In 2020, technology continues to evolve at a record rate and convert the dreams and notions of 1950s sci-fi movies into reality. As novel, modern, emerging technologies bring a new generation of products and devices, they also bring further opportunities for design and manufacturing defects, as well as any ensuing product malfunction or misuse.
The agriculture, communications, data management, IT, healthcare, and transportation industries have implemented and utilized autonomous, artificially intelligent, and self-learning technology, especially in the field of robotics. In theory, these technologies provide social and economic benefits such as improved safety and increased productivity and efficiency. In practice, these technologies may fail and perform as unintended by increasing human error and failure, as well as any danger associated with the risk of product use.
Technological advancements especially affect the Internet of Things, the network of physical devices, vehicles, home appliances, and other items utilizing electronics, software, and the capacity for connectivity. This network allows the collection and exchange of data, thereby increasing our ability to directly integrate the physical world into a computer-based system. IoT items include smart appliances, self-driving cars, thermostats, medical devices, heart monitors, alarm systems, fire sprinkler systems, and other wearable devices.
Many issues related to privacy, safety, and product liability issues emerged at a public hearing held on May 16, 2018, sponsored by the Consumer Product Safety Commission (CPSC). The product liability issues associated with IoT devices relate to vulnerability issues when the product’s underlying software is hacked, malfunctions, or improperly updates.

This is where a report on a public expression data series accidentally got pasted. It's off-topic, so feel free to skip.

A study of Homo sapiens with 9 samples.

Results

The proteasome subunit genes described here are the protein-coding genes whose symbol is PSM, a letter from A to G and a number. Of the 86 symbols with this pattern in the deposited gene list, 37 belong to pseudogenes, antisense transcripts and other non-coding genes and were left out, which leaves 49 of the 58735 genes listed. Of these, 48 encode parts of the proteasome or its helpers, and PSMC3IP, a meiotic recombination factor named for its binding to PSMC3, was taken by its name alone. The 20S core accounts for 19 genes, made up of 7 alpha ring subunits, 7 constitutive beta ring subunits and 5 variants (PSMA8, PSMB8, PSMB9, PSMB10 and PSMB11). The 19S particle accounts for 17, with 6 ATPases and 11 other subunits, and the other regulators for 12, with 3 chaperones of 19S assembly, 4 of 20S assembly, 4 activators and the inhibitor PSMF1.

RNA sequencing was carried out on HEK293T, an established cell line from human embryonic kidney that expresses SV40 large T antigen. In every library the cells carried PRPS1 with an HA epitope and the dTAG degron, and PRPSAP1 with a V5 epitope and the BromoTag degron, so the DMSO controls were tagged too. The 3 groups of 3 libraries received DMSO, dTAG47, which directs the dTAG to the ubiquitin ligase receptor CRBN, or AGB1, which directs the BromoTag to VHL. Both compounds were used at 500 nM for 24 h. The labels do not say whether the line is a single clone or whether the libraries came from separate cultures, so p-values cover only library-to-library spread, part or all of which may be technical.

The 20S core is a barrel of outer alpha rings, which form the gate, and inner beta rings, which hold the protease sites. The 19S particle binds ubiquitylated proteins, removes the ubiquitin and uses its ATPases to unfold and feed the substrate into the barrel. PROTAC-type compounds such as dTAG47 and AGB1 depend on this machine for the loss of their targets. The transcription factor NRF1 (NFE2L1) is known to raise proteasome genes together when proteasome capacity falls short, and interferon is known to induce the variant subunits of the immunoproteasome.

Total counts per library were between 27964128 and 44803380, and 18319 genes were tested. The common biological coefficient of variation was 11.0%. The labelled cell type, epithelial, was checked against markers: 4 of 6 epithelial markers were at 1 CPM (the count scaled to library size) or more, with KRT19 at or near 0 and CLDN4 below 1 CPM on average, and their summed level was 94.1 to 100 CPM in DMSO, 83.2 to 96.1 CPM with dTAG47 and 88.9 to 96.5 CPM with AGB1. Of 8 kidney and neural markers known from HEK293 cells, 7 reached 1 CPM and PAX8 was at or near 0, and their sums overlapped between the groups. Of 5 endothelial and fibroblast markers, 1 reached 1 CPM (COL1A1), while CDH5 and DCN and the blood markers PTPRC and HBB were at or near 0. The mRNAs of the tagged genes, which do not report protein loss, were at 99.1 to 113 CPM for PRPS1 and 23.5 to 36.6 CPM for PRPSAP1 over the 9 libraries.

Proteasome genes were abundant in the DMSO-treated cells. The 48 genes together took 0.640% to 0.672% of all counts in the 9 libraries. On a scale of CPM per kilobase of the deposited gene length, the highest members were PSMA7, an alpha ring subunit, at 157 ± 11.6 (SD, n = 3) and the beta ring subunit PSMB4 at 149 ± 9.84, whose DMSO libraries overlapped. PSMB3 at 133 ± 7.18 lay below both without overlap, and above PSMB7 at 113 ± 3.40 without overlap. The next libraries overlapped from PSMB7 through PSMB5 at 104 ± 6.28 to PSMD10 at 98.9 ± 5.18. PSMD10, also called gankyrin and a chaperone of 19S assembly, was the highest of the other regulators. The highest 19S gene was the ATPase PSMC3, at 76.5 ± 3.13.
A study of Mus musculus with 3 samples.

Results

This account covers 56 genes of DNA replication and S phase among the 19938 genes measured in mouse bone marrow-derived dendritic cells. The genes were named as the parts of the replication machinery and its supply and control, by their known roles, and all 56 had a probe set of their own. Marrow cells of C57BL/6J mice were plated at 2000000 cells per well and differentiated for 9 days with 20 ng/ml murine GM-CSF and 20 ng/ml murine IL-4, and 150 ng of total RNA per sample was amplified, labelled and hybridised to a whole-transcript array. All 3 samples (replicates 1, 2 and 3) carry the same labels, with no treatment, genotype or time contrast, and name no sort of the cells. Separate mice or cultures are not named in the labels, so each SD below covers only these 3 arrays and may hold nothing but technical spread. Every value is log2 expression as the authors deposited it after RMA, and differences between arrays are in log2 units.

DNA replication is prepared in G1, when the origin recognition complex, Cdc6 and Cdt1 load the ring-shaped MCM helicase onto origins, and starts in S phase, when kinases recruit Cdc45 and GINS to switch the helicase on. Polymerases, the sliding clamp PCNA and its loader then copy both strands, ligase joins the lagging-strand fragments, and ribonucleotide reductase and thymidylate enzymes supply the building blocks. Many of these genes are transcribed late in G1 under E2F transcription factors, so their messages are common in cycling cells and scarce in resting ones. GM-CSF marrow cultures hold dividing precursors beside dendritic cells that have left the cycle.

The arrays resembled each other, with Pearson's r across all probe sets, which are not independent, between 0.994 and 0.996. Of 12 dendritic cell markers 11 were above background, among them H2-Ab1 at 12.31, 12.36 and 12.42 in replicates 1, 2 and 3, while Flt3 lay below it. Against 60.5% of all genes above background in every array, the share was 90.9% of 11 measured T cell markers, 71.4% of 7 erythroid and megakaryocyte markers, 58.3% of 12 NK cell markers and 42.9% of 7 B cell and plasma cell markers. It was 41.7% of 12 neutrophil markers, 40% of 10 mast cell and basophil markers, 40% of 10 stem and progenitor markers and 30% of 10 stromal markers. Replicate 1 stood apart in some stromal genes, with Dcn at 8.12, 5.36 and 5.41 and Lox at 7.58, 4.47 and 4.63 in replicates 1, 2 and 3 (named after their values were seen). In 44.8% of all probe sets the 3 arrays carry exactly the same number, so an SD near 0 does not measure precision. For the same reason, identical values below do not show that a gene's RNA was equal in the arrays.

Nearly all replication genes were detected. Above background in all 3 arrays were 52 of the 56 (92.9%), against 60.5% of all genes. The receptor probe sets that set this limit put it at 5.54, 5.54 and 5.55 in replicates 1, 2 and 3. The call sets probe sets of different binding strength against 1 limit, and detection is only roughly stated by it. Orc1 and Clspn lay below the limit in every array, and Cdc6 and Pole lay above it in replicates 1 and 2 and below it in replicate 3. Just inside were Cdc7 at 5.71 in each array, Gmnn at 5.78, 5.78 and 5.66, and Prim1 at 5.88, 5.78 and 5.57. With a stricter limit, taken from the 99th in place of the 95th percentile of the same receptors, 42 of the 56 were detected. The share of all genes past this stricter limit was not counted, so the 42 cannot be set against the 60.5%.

As a result, these product malfunctions may cause bodily harm, contusion, laceration, shock, falling, tripping, fire, burn, chemical exposure, and, in extreme circumstances, death. These types of issues have already surfaced with medical devices manufactured and sold by MedTronic in 2004, 2012, and 2016 where software errors allegedly caused overdoses, injuries, and death to patients. Cardiac devices designed to prevent heart attacks have also experienced similar issues.
The CPSC hearing revealed that there are currently 8.4 billion connected things and 5 billion consumer applications as of 2018. This number was projected to double by this year! The problems, and ensuing litigation, related to these new technologies are also certain to increase. Any existing shortcomings in the current product liability system and its adequacy to facilitate new and emerging technologies will certainly be exposed in the near future.